Scientists Use Pippin in Sequencing Effort for Seven Cholera Isolates

A paper published this month in BMC Genomics discusses findings from a collaborative project to sequence cholera samples linked to the 2010 outbreak in Haiti — and we’re pleased to report that the Pippin platform from Sage Science was used in the work.

Lead author Rachel Sealfon and senior author Pardis Sabeti, along with a team of scientists hailing from MIT, Harvard, the Broad Institute, and other organizations, sequenced seven isolates of Vibrio cholera, including four collected recently in Haiti and the Dominican Republic.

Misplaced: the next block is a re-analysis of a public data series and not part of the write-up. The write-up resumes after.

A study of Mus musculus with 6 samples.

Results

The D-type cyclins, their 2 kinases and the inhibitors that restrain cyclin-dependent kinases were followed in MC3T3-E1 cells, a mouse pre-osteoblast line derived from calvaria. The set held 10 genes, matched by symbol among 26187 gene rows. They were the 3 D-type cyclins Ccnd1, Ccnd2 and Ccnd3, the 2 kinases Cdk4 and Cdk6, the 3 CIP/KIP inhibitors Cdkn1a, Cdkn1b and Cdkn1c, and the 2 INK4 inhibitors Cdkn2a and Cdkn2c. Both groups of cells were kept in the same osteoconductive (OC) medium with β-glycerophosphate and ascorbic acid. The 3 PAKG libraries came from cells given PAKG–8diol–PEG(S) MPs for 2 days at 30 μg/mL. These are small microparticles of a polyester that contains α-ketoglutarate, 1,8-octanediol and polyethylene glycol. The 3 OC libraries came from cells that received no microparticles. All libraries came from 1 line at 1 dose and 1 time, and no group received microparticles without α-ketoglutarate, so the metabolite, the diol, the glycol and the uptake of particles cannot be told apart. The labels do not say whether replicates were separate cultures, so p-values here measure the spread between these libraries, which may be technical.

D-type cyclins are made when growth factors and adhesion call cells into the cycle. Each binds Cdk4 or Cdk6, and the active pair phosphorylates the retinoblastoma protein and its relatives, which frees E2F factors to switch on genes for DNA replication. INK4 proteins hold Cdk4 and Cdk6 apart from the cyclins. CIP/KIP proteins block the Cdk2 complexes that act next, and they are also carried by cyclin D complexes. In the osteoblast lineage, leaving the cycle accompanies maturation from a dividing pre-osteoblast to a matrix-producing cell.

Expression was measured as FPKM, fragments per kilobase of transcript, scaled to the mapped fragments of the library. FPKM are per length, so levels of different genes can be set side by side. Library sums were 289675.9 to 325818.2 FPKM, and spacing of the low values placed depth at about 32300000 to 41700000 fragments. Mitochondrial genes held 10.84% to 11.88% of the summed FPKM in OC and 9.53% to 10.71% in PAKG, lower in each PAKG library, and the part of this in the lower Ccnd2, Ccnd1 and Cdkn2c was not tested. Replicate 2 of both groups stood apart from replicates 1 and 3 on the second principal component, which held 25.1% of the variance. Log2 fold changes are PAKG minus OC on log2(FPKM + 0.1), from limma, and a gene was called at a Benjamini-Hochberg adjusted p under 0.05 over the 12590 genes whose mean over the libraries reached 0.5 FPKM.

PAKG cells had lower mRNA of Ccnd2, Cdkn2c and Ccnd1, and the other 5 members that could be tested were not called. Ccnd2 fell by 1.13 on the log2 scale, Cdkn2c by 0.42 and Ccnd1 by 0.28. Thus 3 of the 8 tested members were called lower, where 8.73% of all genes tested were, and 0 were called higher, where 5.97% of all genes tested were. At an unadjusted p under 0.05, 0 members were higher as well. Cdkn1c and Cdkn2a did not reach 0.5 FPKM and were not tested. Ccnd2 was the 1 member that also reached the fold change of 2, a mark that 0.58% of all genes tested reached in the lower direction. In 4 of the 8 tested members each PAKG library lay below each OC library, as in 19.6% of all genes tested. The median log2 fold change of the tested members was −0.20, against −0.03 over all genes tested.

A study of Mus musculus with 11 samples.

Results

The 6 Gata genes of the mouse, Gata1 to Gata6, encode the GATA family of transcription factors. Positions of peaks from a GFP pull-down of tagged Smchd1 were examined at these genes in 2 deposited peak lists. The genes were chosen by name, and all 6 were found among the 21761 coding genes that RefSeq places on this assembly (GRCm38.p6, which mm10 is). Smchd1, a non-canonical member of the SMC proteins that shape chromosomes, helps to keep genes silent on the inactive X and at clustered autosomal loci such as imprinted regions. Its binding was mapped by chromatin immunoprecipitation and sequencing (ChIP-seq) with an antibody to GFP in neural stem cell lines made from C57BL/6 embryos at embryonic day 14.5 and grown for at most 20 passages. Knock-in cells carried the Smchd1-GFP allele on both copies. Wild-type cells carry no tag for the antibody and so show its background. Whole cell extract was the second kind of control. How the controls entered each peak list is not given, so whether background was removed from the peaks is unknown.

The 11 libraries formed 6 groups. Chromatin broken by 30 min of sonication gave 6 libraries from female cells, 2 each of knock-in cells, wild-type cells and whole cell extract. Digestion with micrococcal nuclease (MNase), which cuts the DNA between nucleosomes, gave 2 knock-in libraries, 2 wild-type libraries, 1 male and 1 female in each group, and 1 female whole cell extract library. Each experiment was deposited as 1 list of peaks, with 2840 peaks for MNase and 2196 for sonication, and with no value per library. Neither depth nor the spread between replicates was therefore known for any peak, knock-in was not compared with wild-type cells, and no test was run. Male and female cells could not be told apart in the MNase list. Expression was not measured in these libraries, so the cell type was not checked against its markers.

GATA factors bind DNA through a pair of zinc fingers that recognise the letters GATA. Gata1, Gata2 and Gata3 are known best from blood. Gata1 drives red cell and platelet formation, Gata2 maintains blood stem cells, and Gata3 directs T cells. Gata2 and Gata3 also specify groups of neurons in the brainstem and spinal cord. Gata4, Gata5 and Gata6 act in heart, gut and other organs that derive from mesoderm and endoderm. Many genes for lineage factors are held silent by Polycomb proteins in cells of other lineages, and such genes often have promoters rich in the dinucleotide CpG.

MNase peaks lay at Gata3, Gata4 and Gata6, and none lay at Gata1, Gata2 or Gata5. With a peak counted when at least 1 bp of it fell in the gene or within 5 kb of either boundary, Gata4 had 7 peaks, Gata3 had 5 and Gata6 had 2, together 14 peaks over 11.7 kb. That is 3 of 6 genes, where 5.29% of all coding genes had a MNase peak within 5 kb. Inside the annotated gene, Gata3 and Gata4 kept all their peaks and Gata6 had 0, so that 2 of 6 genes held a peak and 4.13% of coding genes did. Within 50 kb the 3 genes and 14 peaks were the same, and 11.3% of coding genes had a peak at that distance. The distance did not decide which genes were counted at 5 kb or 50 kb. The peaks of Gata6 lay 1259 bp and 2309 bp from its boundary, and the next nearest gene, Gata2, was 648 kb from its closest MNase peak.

The paper, entitled “High depth, whole-genome sequencing of cholera isolates from Haiti and the Dominican Republic,” concludes that the outbreak strain found in Haiti and the isolate found in the Dominican Republic most closely match strains found in South Asia, confirming publications released last year that suggested the epidemic came from a South Asian strain of cholera brought to Haiti through human activity.

The scientists also note that part of their goal was to assess coverage needed for sequencing, particularly for this type of effort — that is, sequencing closely related isolates and identifying the variants distinguishing them. “We found that 50x coverage is sufficient to construct a whole-genome assembly and to accurately call most variants from 100 base pair paired-end sequencing reads,” the authors write.

Check out the paper and how the authors used Pippin here [PDF].